50K litres of uranium-contaminated water leaks into ground at Cameco's Key Lake mill
Nuclear safety commission says water contains 10 times regular limit of uranium
The Canadian Nuclear Safety Commission is investigating after a large water spill at a closed uranium mill in northern Saskatchewan.
Workers at Cameco's Key Lake uranium mill had flooded a section of the building to prevent the spread of radon gas. In June, workers noticed that 50,000 litres of water had leaked through the concrete floor into the ground.
Readings from a test well showed groundwater near the spill contained ten times more uranium than is normally allowed to be released under commission guidelines.
"Right now, it appears that uranium is isolated but there is more work that needs to be done," said commission project officer Richard Snider.
Cameco said it is currently monitoring the area and coming up with a plan to clean up the area. Readings from other test wells in the area have not shown signs of contamination, which suggests the water has not spread far.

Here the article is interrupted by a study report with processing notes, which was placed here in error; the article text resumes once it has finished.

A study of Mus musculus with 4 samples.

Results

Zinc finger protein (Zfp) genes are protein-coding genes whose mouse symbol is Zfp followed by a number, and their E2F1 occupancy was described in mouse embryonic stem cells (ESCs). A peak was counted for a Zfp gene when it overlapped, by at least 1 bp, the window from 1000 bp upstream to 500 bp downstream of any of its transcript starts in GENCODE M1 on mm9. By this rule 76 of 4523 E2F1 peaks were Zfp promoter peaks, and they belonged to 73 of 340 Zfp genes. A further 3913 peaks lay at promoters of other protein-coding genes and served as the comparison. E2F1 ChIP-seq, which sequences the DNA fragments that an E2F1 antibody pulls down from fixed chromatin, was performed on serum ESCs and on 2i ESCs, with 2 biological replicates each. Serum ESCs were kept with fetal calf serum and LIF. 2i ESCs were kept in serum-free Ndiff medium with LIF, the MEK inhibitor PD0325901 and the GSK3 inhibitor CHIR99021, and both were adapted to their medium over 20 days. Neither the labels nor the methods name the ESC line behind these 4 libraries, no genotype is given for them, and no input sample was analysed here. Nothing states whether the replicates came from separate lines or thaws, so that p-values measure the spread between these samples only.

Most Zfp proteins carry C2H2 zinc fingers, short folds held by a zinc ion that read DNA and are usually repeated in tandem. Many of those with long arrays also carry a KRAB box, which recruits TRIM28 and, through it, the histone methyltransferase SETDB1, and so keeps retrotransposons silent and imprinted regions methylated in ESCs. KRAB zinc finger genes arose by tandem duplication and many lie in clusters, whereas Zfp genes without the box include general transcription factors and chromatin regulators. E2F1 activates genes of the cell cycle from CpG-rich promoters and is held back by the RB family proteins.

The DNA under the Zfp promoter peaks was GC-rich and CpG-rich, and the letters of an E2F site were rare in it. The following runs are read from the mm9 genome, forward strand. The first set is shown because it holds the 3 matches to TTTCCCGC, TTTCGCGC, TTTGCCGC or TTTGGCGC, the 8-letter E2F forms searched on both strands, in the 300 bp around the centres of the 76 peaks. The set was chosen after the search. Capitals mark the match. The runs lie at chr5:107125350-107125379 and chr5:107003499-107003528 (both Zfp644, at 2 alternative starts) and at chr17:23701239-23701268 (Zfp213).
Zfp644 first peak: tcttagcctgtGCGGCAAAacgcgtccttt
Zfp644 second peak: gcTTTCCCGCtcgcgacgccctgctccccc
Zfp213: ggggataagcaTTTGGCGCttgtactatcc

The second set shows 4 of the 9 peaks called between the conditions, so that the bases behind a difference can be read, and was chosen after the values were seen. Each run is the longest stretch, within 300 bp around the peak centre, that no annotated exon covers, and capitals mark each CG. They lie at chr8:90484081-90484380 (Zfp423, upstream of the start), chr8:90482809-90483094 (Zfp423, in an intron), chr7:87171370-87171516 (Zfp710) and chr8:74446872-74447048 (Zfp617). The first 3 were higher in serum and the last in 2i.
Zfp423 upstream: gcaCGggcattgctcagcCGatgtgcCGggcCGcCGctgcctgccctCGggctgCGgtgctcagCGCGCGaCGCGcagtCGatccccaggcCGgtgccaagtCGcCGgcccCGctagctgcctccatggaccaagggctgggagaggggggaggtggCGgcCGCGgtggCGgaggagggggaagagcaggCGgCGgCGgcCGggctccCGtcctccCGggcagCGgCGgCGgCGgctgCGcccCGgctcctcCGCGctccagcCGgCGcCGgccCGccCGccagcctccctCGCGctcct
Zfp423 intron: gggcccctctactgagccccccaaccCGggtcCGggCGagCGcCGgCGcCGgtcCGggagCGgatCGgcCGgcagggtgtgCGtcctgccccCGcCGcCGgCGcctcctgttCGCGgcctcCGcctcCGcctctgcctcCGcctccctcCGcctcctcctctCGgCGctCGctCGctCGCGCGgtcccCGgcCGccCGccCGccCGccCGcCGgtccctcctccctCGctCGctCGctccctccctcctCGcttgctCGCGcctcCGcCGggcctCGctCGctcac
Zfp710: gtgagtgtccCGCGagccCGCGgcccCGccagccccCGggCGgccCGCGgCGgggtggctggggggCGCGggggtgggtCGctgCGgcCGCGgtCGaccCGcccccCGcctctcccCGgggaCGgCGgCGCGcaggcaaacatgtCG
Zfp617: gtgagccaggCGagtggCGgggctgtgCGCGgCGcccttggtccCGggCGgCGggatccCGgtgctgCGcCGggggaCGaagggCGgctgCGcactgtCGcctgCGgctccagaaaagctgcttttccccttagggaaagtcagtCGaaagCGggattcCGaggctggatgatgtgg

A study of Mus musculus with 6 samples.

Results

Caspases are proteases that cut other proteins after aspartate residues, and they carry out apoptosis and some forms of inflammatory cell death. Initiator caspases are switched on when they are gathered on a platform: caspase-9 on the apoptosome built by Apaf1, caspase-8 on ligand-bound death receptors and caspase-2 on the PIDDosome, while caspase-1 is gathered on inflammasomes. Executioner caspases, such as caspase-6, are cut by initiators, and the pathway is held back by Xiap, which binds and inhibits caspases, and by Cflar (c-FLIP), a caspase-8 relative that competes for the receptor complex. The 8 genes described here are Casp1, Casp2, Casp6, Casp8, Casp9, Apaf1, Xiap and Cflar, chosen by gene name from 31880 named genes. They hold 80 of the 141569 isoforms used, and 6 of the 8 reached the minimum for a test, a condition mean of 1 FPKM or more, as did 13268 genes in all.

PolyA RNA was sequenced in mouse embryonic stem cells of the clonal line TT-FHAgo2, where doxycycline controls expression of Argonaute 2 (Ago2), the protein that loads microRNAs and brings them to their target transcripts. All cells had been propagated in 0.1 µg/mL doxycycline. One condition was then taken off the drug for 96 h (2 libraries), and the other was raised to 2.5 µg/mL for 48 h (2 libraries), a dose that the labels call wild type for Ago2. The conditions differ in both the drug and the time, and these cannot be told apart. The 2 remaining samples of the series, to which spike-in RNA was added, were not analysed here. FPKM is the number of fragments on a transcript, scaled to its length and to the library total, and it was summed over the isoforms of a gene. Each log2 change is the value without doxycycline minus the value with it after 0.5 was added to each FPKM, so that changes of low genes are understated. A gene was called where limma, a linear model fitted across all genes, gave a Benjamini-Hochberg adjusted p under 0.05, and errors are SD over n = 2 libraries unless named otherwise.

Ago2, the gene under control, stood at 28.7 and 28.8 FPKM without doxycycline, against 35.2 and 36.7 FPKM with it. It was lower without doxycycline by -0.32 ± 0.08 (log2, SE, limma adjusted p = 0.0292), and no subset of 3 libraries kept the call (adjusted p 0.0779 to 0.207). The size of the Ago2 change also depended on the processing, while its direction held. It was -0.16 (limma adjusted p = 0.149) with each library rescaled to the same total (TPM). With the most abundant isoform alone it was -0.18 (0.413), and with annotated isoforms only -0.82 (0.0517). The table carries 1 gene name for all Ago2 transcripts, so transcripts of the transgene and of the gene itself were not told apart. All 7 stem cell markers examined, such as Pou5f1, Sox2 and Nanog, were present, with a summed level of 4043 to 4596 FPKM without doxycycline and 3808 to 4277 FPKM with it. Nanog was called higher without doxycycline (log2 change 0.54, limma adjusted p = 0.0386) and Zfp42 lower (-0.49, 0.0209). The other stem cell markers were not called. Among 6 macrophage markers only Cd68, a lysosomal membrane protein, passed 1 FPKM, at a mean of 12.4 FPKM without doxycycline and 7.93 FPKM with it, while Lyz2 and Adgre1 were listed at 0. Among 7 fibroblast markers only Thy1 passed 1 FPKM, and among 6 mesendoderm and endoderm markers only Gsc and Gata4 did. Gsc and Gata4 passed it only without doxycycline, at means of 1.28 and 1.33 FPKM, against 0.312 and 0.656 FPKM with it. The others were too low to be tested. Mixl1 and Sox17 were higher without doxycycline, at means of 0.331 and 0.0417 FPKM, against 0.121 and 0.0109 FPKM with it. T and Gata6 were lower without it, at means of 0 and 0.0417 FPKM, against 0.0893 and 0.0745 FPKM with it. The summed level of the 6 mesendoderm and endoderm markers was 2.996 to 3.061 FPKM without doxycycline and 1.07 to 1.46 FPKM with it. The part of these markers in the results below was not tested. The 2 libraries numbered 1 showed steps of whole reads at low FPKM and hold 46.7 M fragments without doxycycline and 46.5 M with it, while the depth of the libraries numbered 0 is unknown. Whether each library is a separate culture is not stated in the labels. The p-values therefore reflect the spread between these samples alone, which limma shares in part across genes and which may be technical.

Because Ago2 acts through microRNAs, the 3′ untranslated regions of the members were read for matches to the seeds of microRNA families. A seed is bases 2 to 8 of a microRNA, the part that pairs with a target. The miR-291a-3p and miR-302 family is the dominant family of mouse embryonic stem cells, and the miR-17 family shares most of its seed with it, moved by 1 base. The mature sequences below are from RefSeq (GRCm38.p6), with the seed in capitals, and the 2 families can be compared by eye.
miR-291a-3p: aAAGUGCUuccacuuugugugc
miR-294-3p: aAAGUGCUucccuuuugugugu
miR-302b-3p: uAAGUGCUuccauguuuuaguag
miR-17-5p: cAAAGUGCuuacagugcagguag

In similar cases, the contaminated water has been pumped out of the ground to fix the situation.
"If you have contamination, you're looking at something like pump back wells where you're pulling the groundwater up and then you're treating that water," said Snider. "Particularly if the contamination extends underneath the building. It can be quite difficult or costly to demolish buildings in order to dig up the material."
The leak happened in the mill's molybnenum plant, where waste chemicals are removed from the uranium ore. The area where the leak occurred has been closed off to workers.
The commission said it's not concerned about the leak reaching any surface water or plants or animals in the area. Regardless, Snider said the spill needs to be cleaned up.
"I think it's important to make sure that it's addressed because you know you never like to see contamination groundwater contamination even if it is isolated but it is as far as a risk it does remain low risk," he said.
Cameco closed the Key Lake mill last year due to low uranium prices.
The company is expected to submit a plan to the commission over the next few weeks on how it will sink more monitoring wells to better determine the spread of the contaminated water, as well as an action plan to remove it.